Favorhouse
FavorHouse

Helping victims of domestic violence in Northwest Florida is proving to have challenges during the the pandemic.

“We’re seeing more people accessing our outreach office more than our shelter, and I think because of COVID, that close contact of communal people living [and] people trying to avoid that — and I do understand that,” said Marsha Travis, executive director of Favor House, the Pensacola area’s shelter for abused women.

Changes in that sheltering includes only two to a room for those without children, rather than the normal four to a room. And some of the local numbers mirror those nationally.

“As for statistical data, it is being indicating; because of being home together in COVID, numbers in domestic violence as well as child abuse is increasing,” Travis said. “And I could say that probably for our community as a whole as well.”

The rates of domestic violence — or “DV” — appear to be rising, and Travis points to historical data.

“Prior to COVID, whenever we talked about when is DV most likely to happen, and we found the weekend and evening; because that’s when we’re together,” she said. “I can definitely see what other stresses [such as] income being limited — and that probably just added on stresses. Not saying it is a cause, but it can factor into why we continue to see the behavior increasing.”

With the rising presence of the LGBTQ community and an increased prominence of transgender men and women, we’re seeing that they are enduring much of the same targeting as other victims. Travis calls that a “double-edged sword.”

“Not only people are biased against them transitioning and saying, ‘Hey, you’re not a real woman’ or ‘you’re not a real man,’” said Travis.” But then also, we’re looking at violence against women as a whole. So that is a population of people that’s just underrepresented as far as domestic violence happening. It’s happening at a greater rate than is talked about.”

Physical abuse — cuts, bruises, black eyes and other marks — are what many think of when it comes to domestic violence. But Travis says physical injuries do heal, but in some ways, the effects of verbal and emotional abuse can linger.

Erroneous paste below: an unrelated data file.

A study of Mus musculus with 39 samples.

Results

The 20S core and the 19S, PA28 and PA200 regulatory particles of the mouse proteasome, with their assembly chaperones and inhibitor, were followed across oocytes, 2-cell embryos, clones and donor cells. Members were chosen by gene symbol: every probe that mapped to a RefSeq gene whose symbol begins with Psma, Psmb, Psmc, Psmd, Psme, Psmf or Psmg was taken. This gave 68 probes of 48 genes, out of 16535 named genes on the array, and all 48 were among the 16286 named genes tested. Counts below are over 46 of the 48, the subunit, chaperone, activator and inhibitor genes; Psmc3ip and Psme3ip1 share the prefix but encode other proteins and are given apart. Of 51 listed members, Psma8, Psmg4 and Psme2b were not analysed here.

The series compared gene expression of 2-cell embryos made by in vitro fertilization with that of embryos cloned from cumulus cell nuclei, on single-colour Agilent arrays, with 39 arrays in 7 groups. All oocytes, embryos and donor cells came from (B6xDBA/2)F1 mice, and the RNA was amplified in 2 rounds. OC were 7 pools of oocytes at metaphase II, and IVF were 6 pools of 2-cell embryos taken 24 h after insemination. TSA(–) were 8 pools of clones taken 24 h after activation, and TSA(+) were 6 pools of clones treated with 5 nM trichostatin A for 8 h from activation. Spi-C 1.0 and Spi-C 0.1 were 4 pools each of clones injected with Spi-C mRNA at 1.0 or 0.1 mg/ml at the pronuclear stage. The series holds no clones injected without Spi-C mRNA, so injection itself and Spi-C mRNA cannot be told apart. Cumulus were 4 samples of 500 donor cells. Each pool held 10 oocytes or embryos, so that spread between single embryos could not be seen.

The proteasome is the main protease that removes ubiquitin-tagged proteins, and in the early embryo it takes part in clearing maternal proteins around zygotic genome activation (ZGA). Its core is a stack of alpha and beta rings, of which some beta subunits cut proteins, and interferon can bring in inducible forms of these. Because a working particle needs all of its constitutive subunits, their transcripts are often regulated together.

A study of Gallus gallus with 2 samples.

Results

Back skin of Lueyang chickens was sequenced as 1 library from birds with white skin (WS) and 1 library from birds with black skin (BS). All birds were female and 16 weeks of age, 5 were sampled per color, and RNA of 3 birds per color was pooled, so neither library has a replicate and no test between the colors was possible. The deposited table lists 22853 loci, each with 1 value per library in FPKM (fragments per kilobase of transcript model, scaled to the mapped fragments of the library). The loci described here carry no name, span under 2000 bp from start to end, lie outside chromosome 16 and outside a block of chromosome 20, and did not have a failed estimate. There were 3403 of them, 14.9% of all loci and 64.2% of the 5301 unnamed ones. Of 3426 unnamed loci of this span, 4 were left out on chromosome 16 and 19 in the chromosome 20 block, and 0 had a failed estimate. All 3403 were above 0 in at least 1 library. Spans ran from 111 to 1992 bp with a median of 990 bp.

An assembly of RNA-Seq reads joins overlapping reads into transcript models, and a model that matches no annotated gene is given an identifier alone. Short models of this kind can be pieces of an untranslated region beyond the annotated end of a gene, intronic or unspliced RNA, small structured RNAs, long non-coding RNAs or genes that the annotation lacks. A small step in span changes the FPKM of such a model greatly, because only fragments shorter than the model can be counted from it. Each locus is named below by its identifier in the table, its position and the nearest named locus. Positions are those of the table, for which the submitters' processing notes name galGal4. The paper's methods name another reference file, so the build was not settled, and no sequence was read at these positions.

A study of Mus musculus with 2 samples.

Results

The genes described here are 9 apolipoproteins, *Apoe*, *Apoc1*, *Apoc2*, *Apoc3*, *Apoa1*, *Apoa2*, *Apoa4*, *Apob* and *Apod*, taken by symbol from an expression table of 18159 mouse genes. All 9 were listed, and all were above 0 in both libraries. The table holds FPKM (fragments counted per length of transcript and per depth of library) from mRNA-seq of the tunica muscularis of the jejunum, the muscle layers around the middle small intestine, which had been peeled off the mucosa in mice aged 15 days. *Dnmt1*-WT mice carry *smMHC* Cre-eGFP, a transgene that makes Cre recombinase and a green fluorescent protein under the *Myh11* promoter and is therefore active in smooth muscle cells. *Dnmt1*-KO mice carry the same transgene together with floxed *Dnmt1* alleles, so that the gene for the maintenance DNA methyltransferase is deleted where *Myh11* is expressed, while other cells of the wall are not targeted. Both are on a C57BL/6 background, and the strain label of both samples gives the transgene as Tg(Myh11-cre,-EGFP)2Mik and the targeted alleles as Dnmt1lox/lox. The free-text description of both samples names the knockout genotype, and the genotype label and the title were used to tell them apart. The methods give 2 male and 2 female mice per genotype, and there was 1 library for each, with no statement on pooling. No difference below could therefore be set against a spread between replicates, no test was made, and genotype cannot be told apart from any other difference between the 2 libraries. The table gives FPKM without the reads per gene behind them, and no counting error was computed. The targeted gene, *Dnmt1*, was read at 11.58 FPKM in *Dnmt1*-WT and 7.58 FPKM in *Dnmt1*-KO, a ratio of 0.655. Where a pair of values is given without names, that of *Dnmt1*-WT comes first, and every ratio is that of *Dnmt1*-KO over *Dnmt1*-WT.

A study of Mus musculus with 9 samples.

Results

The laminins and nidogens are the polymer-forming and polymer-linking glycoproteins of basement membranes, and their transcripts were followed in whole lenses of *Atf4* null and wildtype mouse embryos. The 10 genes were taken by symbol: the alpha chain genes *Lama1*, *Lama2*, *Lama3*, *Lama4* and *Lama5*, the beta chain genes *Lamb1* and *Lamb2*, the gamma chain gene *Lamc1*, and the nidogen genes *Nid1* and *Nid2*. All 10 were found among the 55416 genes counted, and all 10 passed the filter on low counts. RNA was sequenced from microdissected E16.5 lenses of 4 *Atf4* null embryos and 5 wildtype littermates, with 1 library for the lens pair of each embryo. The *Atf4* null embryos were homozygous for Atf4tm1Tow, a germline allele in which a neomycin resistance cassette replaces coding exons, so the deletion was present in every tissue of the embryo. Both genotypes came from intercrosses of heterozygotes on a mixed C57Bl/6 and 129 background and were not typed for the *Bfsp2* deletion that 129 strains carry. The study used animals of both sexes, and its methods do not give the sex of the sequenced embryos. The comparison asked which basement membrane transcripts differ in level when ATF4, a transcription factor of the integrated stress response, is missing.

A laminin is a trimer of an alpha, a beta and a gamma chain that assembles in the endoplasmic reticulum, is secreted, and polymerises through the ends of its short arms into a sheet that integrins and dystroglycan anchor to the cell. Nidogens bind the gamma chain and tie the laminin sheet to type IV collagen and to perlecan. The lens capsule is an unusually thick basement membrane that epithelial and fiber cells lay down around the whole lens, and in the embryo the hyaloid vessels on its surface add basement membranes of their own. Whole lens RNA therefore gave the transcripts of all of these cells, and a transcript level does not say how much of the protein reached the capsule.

“Things that people say to you, you will always remember,” Travis said. “Something I like that Maya Angelou said: ‘People may forget the things that you say, but they will never forget how it made them feel.’ You can go back and have a conversation, or hear a song, or whatever — and if it had a moment with those words, it will take you right back to that emotional thought.”

It’s not always been called “domestic violence" and it’s not always been considered a crime or even serious. There was a time when the abuse of a wife or girlfriend — albeit implied or fake — was, to some, humorous. Exhibit-A: the 1950s TV series “The Honeymooners,” where Ralph Kramden continuously threatens his wife, Alice.

“It’s not that funny and I think it also did a twist in how people project relationships; I think we had more voices that were coming vocal; people were standing up and saying, ‘this is wrong,’” said Travis. “I can remember Archie Bunker — when we see Edith being very timid and we thought it was comedy.”

But art, in this case, is not reality, even 50 to 60 years later. But DV victims many times are the exceptions.

“I think comedy was coming from a place of reality for survivors of domestic violence,” Travis said. “And I think now, there’s more voices that are out there. Let’s look at technology — more eyes are on what is happening in families. What we’re seeing and how we’re receiving information as to what’s going on in our world. Our world has become very small because of technology.”

But to be totally fair, neither Ralph nor Archie — ever — laid a hand on Alice and Edith.

“Baby, you’re the greatest,” Ralph told Alice at the end of the episode.

While Favor House’s main mission is to provide safe shelter for abused women, it also offers other services as well. Executive Director Marsha Travis points to also serving those who are not interested in leaving a relationship.

“We do offer supportive counseling; we do partner with the survivor and pretty much assist them in developing a safety plan,” she said. “We also have attorneys that can assist them with filing an injunction for protection; we do have economic advocacy that can work with them about the finance piece. What we’re finding in our community — housing is a big problem.”

Anyone finding themselves in jeopardy because of an abusive relationship can call the National Domestic Violence Hotline, at 1-800-799-SAFE (7233).” Favor House can be reached at (850) 434-1177.

Coming up in part three: Seeking justice for D-V victims.